Med school dean honored with National Medical Fellowships’ Legacy Award

Dr. Bonita Stanton

NUTLEY, NJ — Dr. Bonita Stanton, the founding dean of the Hackensack Meridian School of Medicine in Nutley, has received the National Medical Fellowships’ Legacy Award.

Stanton was honored for helping to create “a school that recognizes inequity in health outcomes and that is demonstrating to students that health care disparities are born of structural and systemic racism,” according to the NMF. NMF holds the Champions of Health Awards to “honor those individuals who have made a lasting impact on health care and diversity in health care as well as outstanding corporate leaders whose role and influence drives positive change in the business community and the communities they serve.”

The dean received the award at the 2021 Virtual Champions of Health Awards ceremony, held in New York on Sept. 28.

“Dean Bonita Stanton is an exemplary leader for the progressive mission of the Hackensack Meridian School of Medicine,” said Robert C. Garrett, CEO of Hackensack Meridian Health. “She is helping to write the future in 21st-century medicine.”

Stanton, who has helmed the school since its inception in 2016, has received numerous honors as a thought leader and influential educator and physician. She said she sees it as a credit to the entire school.

“This award is validation of what is being accomplished at our school,” Stanton said. “Medical education in the United States needs to be better in treating all people across society with equal resources and attention. We are doing our very best to be part of the positive change to make a brighter future in medicine.”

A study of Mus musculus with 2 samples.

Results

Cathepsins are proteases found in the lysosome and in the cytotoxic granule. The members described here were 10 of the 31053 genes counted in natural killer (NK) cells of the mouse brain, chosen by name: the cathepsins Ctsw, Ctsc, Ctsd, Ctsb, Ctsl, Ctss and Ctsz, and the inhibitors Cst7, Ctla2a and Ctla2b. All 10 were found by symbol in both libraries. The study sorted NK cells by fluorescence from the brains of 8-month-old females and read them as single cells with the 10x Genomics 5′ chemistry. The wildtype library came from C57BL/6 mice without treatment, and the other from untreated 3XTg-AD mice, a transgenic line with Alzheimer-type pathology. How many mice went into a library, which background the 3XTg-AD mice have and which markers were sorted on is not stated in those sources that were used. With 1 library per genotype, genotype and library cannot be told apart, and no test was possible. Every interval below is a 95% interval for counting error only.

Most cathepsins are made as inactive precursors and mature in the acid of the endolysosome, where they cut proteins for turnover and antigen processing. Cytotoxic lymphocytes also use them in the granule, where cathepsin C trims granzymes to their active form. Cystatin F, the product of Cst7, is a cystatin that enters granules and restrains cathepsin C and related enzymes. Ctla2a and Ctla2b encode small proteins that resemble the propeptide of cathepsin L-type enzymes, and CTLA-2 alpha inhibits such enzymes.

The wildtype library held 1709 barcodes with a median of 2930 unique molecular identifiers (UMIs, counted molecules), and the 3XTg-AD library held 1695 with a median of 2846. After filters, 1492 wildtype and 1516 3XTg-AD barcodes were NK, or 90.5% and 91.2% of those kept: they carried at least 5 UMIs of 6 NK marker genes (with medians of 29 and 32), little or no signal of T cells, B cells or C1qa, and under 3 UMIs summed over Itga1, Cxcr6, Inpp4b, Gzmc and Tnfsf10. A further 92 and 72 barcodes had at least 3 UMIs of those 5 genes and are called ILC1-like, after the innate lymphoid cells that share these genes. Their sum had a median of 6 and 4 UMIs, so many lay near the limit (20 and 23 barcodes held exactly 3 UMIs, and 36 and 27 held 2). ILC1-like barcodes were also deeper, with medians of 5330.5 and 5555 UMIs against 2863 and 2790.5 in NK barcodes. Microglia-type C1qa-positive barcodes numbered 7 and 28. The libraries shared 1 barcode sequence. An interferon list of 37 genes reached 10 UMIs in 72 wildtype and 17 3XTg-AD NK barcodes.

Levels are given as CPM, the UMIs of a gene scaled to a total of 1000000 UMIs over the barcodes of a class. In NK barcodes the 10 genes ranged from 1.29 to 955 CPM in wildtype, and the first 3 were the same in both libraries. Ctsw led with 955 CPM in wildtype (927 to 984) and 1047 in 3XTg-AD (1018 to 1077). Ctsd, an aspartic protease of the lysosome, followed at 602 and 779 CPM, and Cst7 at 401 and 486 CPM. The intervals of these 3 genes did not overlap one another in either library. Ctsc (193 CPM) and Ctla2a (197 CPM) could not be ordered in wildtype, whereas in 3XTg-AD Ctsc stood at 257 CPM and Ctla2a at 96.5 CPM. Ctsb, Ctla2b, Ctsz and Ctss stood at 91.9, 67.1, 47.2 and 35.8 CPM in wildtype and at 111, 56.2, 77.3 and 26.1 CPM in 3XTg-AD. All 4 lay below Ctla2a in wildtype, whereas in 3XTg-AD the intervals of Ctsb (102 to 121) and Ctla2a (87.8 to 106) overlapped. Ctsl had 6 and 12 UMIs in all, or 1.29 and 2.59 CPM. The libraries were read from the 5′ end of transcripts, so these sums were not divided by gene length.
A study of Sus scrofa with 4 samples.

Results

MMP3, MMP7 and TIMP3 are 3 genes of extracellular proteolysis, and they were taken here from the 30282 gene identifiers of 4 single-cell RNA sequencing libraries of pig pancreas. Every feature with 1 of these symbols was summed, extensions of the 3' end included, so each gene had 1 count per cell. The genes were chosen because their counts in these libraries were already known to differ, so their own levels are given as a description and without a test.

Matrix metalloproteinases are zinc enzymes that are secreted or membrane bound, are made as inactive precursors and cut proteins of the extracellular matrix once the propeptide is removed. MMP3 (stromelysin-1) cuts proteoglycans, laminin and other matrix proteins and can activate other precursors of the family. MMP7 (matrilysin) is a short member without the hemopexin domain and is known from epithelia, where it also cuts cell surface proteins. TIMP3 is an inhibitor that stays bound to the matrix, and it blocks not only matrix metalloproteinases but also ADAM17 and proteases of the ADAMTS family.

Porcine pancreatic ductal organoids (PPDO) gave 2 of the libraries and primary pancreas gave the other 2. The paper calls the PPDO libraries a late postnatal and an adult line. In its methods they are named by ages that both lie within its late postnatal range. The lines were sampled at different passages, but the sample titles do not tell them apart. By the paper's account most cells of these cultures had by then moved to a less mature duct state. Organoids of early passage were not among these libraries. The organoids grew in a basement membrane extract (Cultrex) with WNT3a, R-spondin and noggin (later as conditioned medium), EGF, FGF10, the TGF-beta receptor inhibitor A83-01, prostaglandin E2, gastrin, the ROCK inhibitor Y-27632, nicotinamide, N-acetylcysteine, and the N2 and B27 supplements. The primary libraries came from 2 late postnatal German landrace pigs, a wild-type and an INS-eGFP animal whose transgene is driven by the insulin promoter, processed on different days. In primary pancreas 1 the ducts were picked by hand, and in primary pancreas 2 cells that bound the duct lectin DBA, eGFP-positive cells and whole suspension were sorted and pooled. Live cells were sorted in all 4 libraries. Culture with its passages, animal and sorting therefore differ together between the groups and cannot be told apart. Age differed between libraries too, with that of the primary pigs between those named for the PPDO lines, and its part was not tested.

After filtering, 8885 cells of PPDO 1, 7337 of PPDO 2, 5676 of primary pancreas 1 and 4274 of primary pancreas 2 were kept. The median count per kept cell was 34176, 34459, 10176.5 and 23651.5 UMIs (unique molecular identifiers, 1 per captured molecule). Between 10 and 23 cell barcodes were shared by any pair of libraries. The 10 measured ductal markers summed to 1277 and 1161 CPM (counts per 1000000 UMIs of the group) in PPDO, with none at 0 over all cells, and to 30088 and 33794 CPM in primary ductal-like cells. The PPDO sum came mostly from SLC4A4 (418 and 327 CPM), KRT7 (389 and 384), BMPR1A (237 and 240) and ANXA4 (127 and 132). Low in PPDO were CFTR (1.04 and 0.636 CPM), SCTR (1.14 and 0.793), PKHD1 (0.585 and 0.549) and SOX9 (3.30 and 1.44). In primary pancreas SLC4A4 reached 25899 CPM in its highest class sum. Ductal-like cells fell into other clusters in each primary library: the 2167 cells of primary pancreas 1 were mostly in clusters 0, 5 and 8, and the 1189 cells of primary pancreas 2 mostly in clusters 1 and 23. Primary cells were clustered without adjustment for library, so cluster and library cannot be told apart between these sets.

The school’s curriculum fosters teamwork and a humanistic focus on community wellness. A vital piece of this mission is the “Human Dimension,” a three-year program integrating the biomedical, behavioral, social and population sciences and placed in the context of the patient and communities, which touches underserved cities across New Jersey.

Stanton, a pediatrician and infectious disease expert by training, received her medical degree from the Yale University School of Medicine. She earned distinctions as a health investigator living and working in the poorest parts of Dhaka, Bangladesh, studying diarrheal diseases. Research in global HIV prevention earned her accolades in subsequent years. Before coming to the Hackensack Meridian School of Medicine, she served as chairperson of the Department of Pediatrics and ultimately as vice dean for research at Wayne State University in Detroit, Mich.

Stanton is also a researcher, having been continuously funded as a principal investigator on one or more grants from the National Institutes of Health since 1990. She has also authored more than 325 peer-reviewed papers, and has served as editor of several textbooks, including the “Nelson Textbook of Pediatrics.” 

NMF is the only national organization solely dedicated to providing scholarships and support to medical and health professions students from groups underrepresented in health care. For the past 75 years, NMF has identified and supported more than 32,000 students by giving more than $45 million in scholarships.